My Chat with Henry Rollins, Punk Rock Legend

Photo: Pelle Sten, CC by 2.0

Author’s Note: I lost my weekly humor column at the Anchorage Daily News over this disaster of an interview. Worth it?

I stand in the lobby of Anchorage’s Wendy Williamson Auditorium, excited to see Henry Rollins’s one-man show. Rollins, as your average punk rocker should know, was singer and screaming lunatic for the revolutionary hardcore band Black Flag during the 1980s. These days, Rollins fronts his own band, called—get ready for a really creative name—Rollins Band. In addition, he keeps busy touring the country with his critically acclaimed stand-up comedy routine, which he’s here to perform tonight.

I expected to see maybe twenty-five people, tops. I was wrong. Rollins’s concert has completely sold out the 900-seat Williamson, and about fifty people are on the waiting list. Realizing I have no chance of getting a ticket, I approach a nearby security guard.

“I’m Marty Beckerman, with the paper,” I say.

“So?” the guard asks.

“Well, do you think I could get a seat if I did a review of Rollins’s show?”

 “Do you have a ticket?”

“No,” I reply.

“No,” the guard answers.

Defeated, I try a slightly more professional journalistic method: sneaking backstage. I walk to the rear of the theater, where I find—surprise—another damn security guard. Nonetheless, I introduce myself.

“So do you have an interview with Rollins or what?” he asks.

“Yes,” I lie, “an interview with Rollins is exactly what I have.”

The guard makes a phone call, and the manager of the auditorium approaches me from backstage; he takes me up to the sound booth to watch the show. Rollins walks on stage, wearing a black sweater and more than a few layers of excess muscle tissue. One of the lighting guys in the booth comments on how Rollins is known to bench-press over 370 pounds in his daily workout. From the looks of the man, I honestly wouldn’t be surprised. Henry Rollins is larger than the average bus, and most likely consumes more gasoline.

Rollins spends the next three hours performing profanity-laced comedy and leftist social commentary. His monologue covers such topics as world politics, the flaws of organized religion, and what it was like to do a nude scene for one of his big-screen movies.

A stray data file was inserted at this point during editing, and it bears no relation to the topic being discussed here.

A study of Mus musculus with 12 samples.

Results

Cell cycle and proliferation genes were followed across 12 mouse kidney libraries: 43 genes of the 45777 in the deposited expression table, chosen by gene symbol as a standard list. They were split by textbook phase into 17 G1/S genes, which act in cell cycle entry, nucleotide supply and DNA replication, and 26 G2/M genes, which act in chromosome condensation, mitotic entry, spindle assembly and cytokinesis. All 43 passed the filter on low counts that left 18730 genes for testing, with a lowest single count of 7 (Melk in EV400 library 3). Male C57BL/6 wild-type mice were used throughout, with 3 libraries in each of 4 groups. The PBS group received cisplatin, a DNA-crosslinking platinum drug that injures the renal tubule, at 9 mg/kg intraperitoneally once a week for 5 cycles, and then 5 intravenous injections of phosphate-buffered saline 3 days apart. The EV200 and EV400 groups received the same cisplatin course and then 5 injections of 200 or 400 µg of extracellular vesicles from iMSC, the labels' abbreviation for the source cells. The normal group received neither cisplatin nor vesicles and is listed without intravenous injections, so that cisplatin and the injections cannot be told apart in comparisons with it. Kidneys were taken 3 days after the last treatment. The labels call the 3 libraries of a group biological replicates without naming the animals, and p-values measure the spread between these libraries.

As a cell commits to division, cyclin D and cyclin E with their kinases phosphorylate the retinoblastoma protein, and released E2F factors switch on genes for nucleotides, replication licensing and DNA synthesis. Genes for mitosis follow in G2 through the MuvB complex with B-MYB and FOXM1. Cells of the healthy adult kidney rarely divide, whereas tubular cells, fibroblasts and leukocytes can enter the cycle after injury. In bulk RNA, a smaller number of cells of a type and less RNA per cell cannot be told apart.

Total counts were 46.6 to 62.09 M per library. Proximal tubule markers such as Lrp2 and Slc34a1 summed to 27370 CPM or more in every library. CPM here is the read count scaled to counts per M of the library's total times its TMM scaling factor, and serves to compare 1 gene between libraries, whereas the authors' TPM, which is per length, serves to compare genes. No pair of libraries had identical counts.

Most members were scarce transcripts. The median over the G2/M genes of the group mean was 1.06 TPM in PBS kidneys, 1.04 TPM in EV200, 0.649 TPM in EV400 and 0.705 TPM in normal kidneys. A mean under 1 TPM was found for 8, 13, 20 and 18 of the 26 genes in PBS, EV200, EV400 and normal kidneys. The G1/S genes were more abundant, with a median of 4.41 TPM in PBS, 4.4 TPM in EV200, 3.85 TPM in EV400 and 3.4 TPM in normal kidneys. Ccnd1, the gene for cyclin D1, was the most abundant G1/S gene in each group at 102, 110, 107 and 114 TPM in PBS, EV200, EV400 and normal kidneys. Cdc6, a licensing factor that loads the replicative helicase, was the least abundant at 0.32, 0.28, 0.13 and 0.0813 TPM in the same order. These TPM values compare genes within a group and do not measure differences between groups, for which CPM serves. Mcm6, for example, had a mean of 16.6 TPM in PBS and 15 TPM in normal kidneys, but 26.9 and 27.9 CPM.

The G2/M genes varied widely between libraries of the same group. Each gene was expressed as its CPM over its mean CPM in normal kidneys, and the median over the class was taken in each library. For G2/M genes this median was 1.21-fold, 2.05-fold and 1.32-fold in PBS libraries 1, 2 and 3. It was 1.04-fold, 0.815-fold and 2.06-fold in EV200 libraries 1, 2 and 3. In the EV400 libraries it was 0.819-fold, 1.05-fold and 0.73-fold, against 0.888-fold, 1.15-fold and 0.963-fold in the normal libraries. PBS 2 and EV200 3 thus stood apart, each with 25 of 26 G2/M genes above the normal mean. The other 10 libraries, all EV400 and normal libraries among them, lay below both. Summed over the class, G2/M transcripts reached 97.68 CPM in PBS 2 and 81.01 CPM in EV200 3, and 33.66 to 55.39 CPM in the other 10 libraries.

“You want to do that interview of yours now?” the manager asks after the show.

“Sweet,” I reply. “I mean, uh, ‘yes.’”

“Just hang out backstage for thirty minutes. It should be fine with Rollins.”

I walk back down the miles of stairway, feeling excited as ever, considering these two interesting facts:

A) I never had an actual agreement with anyone to do an interview with Rollins.

B) I don’t have a single question prepared.

After two hours of waiting, the manager tells me that Rollins is now ready for my interview. Behind the dressing room door, I hear loud yelling about why “journalists are all scum.”

The door opens wide, however, and out comes Henry Rollins. He stands a single foot from my face, chest muscles practically poking two inches up my nose. Rollins sticks out his hand, which I instinctively shake with my hand, my body having taken the strong posture of a wet rag.

“Hi, I’m, um, Marty, with the, um, paper, and I, uh, have a, uh, humor column, and uh,” I mumble.

“So?” Rollins asks.

“Can I have an interview?”

“Make it quick,” he grumbles.

“So,” I say, “what movies have you been in?”

“All of them?” Rollins asks.

“Um, please?”

“I’ve been in a lot.”

“Would you do another nude scene?” I ask.

“I guess,” he says. “I would never sign on to do it, and then wimp out.”

Rollins makes a hand gesture to imply that he would rather be asked questions more relevant to his years and years of artistic accomplishment. I’m happy to comply.

“Would you do another nude scene right now?” I ask.

(Cold silence.)

“Okay then,” I say. “Does getting tattoos even hurt anymore?”

“I haven’t been tattooed in years,” Rollins explains. “I could never recommend it to anybody. Now, I can give you a lesson in bodily pain. I’ll take you to the gym and show you what pain is, you little motherfucker.”

It takes a second or thirty for me to regain the ability to speak.

“Um,” I say, trembling, “I think this interview is over.”

Rollins smiles, nods his head in agreement, and makes a wonderfully cheerful comment about fucking my mother.